RULE: I will not post to Facebook anything of a divisive, political nature--nothing about abortion, civil and gender and sexual rights, Obamacare, Obama, "the war on Christmas," firearms, etc..
(I do write about those things here on my blog now and then, but those are not direct FB posts--a subtle difference between smoking but not inhaling? About what the meaning of is is?)
The other day, though, an old friend posted on FB a question about guns ... and I (not thinking! typing and clicking too fast for my own good!) weighed in with a response that I thought was fairly innocuous. Apparently not.
The next thing I knew, the back-and-forth had morphed into some ad hominem comments about me. So there I stopped--not because I was cowed or defeated or humiliated or had a road-to-Damascus epiphany ( I am wrong!)--but because such exchanges are pointless. And they escalate quickly. On many hot-button issues, we--on both sides of the chasm that divides us--know what we think; we're not about to change our minds. (By the way, the spell-checker on this blog site suggested I replace hominem with Eminem!)
What I'm going to write here is not going to change anyone's mind--it's not really my intent to do so. I think I just want to clarify what I think. I remember that novelist and philosopher William Godwin (Mary Shelley's father) said somewhere (I'm too lazy to go look it up) that he didn't write to declare what he thought; he wrote to figure out what he thought. (This, by the way, is my principal objection to those rigid essay formats we teach kids in school--forcing them to have a thesis and/or an outline even before they begin writing! But that's another divisive issue I'd better not get into--even though I just did.)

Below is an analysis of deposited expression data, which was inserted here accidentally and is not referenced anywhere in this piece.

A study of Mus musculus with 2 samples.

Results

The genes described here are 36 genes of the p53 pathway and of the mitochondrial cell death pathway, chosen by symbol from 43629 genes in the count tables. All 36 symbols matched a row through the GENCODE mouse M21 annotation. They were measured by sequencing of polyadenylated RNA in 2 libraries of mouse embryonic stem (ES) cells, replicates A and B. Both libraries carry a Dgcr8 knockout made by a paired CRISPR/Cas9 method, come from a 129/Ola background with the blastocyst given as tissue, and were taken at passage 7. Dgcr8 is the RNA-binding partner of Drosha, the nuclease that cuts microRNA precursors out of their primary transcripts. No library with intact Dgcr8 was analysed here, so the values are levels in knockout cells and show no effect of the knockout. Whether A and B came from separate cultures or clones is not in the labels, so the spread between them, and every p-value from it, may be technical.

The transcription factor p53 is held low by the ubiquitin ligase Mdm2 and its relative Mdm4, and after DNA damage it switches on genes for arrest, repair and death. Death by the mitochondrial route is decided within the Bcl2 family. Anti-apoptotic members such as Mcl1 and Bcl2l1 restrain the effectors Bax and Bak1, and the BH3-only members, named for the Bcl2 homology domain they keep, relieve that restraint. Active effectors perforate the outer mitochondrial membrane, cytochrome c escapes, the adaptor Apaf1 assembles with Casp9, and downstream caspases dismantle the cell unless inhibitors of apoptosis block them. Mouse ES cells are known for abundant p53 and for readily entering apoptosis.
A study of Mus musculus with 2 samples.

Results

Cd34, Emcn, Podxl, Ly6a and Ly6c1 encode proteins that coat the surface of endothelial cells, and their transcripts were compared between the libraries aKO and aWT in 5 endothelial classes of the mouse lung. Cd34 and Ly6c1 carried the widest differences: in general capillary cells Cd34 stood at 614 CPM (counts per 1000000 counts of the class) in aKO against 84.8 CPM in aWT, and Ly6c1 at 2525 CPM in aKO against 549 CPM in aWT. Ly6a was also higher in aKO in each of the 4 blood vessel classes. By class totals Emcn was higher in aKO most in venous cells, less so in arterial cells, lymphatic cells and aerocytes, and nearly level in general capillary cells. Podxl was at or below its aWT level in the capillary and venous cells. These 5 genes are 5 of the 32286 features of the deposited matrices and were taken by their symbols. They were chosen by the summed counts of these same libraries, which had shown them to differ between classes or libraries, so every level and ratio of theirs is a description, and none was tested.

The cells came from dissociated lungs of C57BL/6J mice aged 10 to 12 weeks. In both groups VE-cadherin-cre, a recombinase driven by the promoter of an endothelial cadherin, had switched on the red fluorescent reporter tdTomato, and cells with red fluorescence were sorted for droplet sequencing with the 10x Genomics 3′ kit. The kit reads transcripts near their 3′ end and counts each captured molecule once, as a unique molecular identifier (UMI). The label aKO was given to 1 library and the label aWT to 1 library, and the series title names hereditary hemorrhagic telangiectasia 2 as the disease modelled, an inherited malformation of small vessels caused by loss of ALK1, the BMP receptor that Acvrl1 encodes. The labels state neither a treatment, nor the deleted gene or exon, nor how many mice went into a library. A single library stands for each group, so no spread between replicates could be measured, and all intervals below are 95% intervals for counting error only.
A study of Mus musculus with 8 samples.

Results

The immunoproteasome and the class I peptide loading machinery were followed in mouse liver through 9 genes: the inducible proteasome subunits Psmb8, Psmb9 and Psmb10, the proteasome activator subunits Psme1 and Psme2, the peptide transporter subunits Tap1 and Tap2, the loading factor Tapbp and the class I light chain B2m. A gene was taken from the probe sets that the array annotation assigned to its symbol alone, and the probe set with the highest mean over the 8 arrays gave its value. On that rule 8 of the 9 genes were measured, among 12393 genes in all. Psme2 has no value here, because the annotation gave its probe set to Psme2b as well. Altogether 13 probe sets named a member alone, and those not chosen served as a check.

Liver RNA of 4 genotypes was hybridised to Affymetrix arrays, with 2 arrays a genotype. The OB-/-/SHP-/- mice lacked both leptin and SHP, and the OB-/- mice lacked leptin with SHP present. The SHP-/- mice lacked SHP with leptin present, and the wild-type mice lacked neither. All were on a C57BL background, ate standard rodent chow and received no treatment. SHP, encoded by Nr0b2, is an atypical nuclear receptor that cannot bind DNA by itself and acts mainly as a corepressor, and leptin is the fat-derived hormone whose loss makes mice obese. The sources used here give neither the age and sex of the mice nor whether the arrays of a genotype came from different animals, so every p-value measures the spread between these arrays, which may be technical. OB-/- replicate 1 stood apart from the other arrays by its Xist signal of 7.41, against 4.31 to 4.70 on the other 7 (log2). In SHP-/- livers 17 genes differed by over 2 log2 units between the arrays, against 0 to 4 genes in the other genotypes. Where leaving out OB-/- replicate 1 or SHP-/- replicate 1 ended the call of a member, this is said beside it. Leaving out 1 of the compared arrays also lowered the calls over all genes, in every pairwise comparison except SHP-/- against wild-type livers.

I've followed the gun debate a long time. And I really do understand various points of view. My father was a hunter--had a shotgun, two rifles, and a handgun in the house. He'd grown up on a farm in Oregon with multiple siblings, all of whom (well, the men) grew up to be hunters and fishermen. I loved my father; I loved his brothers. They were all responsible gun-owners and did not hold up 7-11s or shoot up shopping malls or movie theaters or schools. In a word: Gun ownership was "normal" in the world I grew up in. And although I'm not a hunter myself, I eat animal flesh and am not about to embrace hypocrisy by saying, with my mouth full of turkey, that I oppose hunting.
Gun proponents like to point out that cars kill more people than guns. True right now--but I just saw a projection that shows the two statistics edging ever closer--and a prediction that gun deaths will surpass automobile deaths by 2015. (Link) But--again--I know all about statistics and damn lies and everyone-has-his/her-own-database thinking. (And I should note here that I'm not all that impressed with arguments that say this is more deadly that that. If anything's deadly, we need to take a long hard look at it and figure out what we can do to make it less deadly. We do so routinely in other arenas: medications, pollution, food quality, etc. It's just plain silly, isn't it, to argue that you have a right to have a poisonous snake in your house because there are more poisonous ones in Arizona?!)
So let's forget the stats a minute--and consider this:
I would be perfectly happy if we regulated firearms as assiduously and responsibly as we do cars. For example--to drive a car ...
- You need to be of legal age.
- You need a renewable operator's license (which you can obtain only by passing both a written and a practical test).
- You need liability insurance in the event you injure or kill someone while you're driving.
- You must register your car--and renew your license annually. You must display (in Ohio anyway) that license number prominently above the front and back bumper.
- Your car must have safety and environmental-friendly features.
- If you violate traffic laws, you can lose your license--permanently. And, of course, go to jail.
I guess what I'm saying is that it shouldn't be easy to get and keep a firearm. Yes, you have a right to have it--but that right is not absolute (just as all our other rights have limitations on them). And firearm ownership is a right that--like driving a car--comes with enormous responsibilities. Your car can kill if you're careless--or homicidal. So can your gun. So why do we treat the one with great rigor and care? And fight like mad not to regulate the other at all?
I am probably not going to live to see any of this come to pass--definitely is a more accurate word. I'm sixty-nine years old and fighting cancer, a most determined foe. But I would like to think that my grandsons, 4 and 8, could live in a country with leaders who recognize the carnage--and would do something about it other than wax lyrical and weep at schoolchildren's funerals.